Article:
Online vs Offline Marketing: Which Should We Use?

offline-vs-online-marketing

Online and offline marketing are two sides of the same coin. You may opt to use one or the other, or benefit from both. The key in understanding offline and online marketing is to identify their respective pros and cons. Here are some tips to help you understand the difference and decide your best approach:



Defining Online vs Offline Marketing

Offline marketing

Offline marketing is any promotion or advertisement that is published and released outside the Internet. It is about reaching and grabbing the attention of people who are currently within the vicinity of said marketing activity. The Internet is not needed to make people participate and gain feedback from them.

Samples of offline marketing include:

  • Events
  • Posters and print ads
  • Product giveaways
  • Discount coupons
  • Billboards
  • Radio and TV Commercials
  • Newspaper ads
  • Flash Mobs

Recommended reading: Low Cost Ideas for Offline Marketing for Small Businesses


Online marketing

Online marketing is anything available on the Internet. A lot of people are connected to social media and are subscribed to video-sharing sites. Since the rise of this digital phenomenon, marketers have been tapping on the online crowd. Ad spaces opened up in various social media sites, such as Youtube, Twitter, Facebook, etc.

They can sell you anything from any site you are surfing. When online, you can see ads everywhere—from banners suited to your interests and surfing behaviour to Youtube video interruptions of ads that require you to wait for five seconds before you can skip it.

Online marketing comes in all shapes and sizes, including:

  • Pop Ups
  • Display ads such as banner ads
  • Video content
  • Native content - otherwise known as sponsored advertorial or content that promotes your brand
  • Hyperlinks
  • Online surveys
  • Free downloads
  • File sharing

Those who truly want to maximise online marketing would look at finding ways to increase the number of visitors to their website, and then look at how you can convert them into paying customers.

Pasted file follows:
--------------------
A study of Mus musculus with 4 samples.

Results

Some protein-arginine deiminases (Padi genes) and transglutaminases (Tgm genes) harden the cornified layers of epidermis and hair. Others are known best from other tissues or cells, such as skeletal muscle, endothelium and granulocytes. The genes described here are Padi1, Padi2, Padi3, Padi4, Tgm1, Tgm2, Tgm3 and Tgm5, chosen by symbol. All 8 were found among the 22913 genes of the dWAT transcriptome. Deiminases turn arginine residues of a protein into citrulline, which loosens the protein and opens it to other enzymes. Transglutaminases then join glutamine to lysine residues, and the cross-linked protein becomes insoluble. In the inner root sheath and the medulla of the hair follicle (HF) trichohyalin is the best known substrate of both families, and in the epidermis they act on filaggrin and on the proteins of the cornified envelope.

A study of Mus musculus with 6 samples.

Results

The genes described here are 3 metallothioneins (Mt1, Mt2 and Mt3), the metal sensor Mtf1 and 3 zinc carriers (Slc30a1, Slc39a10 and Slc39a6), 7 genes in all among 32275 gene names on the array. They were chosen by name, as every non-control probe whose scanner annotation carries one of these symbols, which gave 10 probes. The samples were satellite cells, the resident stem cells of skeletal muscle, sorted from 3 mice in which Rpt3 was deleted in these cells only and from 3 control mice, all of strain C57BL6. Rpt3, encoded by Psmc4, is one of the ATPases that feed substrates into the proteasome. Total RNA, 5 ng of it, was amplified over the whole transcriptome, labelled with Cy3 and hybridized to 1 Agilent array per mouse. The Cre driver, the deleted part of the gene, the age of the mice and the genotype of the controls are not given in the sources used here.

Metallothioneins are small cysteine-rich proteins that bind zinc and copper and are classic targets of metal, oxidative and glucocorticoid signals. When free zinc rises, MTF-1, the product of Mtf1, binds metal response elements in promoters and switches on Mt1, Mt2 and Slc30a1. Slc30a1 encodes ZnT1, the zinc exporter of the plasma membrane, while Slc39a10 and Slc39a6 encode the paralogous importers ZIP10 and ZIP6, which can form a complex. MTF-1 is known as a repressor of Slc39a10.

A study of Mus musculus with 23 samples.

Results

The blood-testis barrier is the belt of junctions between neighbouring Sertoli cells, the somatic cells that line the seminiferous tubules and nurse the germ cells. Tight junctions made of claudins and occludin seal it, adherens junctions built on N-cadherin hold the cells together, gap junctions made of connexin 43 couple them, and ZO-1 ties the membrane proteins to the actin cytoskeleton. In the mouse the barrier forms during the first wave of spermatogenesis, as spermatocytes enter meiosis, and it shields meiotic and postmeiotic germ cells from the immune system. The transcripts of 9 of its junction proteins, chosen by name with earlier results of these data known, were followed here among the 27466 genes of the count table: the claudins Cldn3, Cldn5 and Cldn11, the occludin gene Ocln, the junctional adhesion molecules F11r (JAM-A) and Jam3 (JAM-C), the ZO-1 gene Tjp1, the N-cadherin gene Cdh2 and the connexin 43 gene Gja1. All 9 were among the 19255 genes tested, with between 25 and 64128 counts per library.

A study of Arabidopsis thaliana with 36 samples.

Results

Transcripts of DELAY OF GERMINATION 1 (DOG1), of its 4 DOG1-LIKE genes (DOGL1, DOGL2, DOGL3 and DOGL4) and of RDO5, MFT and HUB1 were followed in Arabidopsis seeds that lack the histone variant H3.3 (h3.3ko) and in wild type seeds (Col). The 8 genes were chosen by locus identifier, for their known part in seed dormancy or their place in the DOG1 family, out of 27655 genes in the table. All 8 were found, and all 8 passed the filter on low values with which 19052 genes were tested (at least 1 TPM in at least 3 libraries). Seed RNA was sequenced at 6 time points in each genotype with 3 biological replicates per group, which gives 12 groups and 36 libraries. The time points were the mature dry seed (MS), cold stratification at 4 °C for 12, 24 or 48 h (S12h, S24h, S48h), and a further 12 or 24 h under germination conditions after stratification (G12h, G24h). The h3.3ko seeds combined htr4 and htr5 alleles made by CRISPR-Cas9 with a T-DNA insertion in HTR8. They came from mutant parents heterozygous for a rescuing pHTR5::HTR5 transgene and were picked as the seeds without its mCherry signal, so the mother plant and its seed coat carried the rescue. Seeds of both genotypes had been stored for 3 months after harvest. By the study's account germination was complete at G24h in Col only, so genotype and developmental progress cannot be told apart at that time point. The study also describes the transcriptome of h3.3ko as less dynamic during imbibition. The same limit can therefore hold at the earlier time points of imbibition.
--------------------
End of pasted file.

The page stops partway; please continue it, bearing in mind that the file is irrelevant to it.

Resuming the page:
To analyse and measure the success of your online campaign, there are various tools available that would tell you your current standing in comparison to your competitors, evaluate user activity, as well as show you areas for improvement.

Looking at the Pros and Cons of Each Side

For you to be able to harness the full potential of both, it is also essential that you look at the positive and the negative aspects of each marketing strategy.

Pros of offline marketing

  • Consumer feedback is immediate and easier to collect
  • Reaches a concentrated area of target audience
  • Great for building customer loyalty
  • More creative options to make an interactive experience during events

Cons of Offline Marketing

  • More expensive to fund
  • Requires staff presence during implementation

Pros of Online Marketing

  • Much cheaper to finance
  • Availability of social media as a market ocean
  • Since there is more coverage in online population, the likelihood of sharing and “liking” will also increase
  • Software targets your audience. For instance, when the software detects user A to have a strong preference for skateboards, it begins to market skateboard-related ads to him.
  • 24/7 presence in all online outlets and automated operations
  • A good online presence is also good for brand recognition
  • Fully-customisable web layouts and design at your fingertips
  • Interactivity

Cons of Online Marketing

  • Congested online ad space limits the attention span of users
  • You may need to build trust before "selling"

Making them work together

There are myriad of ways that you can do to use both offline and online marketing. For instance:

Offline marketing is great at grabbing focused attention from your target audience. Organising events or launch parties have been proven to give your product a jumpstart in terms of word-of-mouth marketing. Mixing this with the elements of online marketing by promoting said event on social networks or getting people to use hashtags can help increase reach. Promoting a product launch online is more practical than relying on traditional media such as television or radio.

Considering the immense number of users on these sites (e.g. Facebook recently reached its 1-billion users mark), there will be networks upon networks of users to invite and make aware of your product’s existence.

By effectively combining the experiential interactivity brought by offline marketing with the reach of audience in social networks, offline and online marketing can work wonders for your business.

Over to you now. What's your experience of offline vs online marketing? Tell us what has worked for you in the comments below.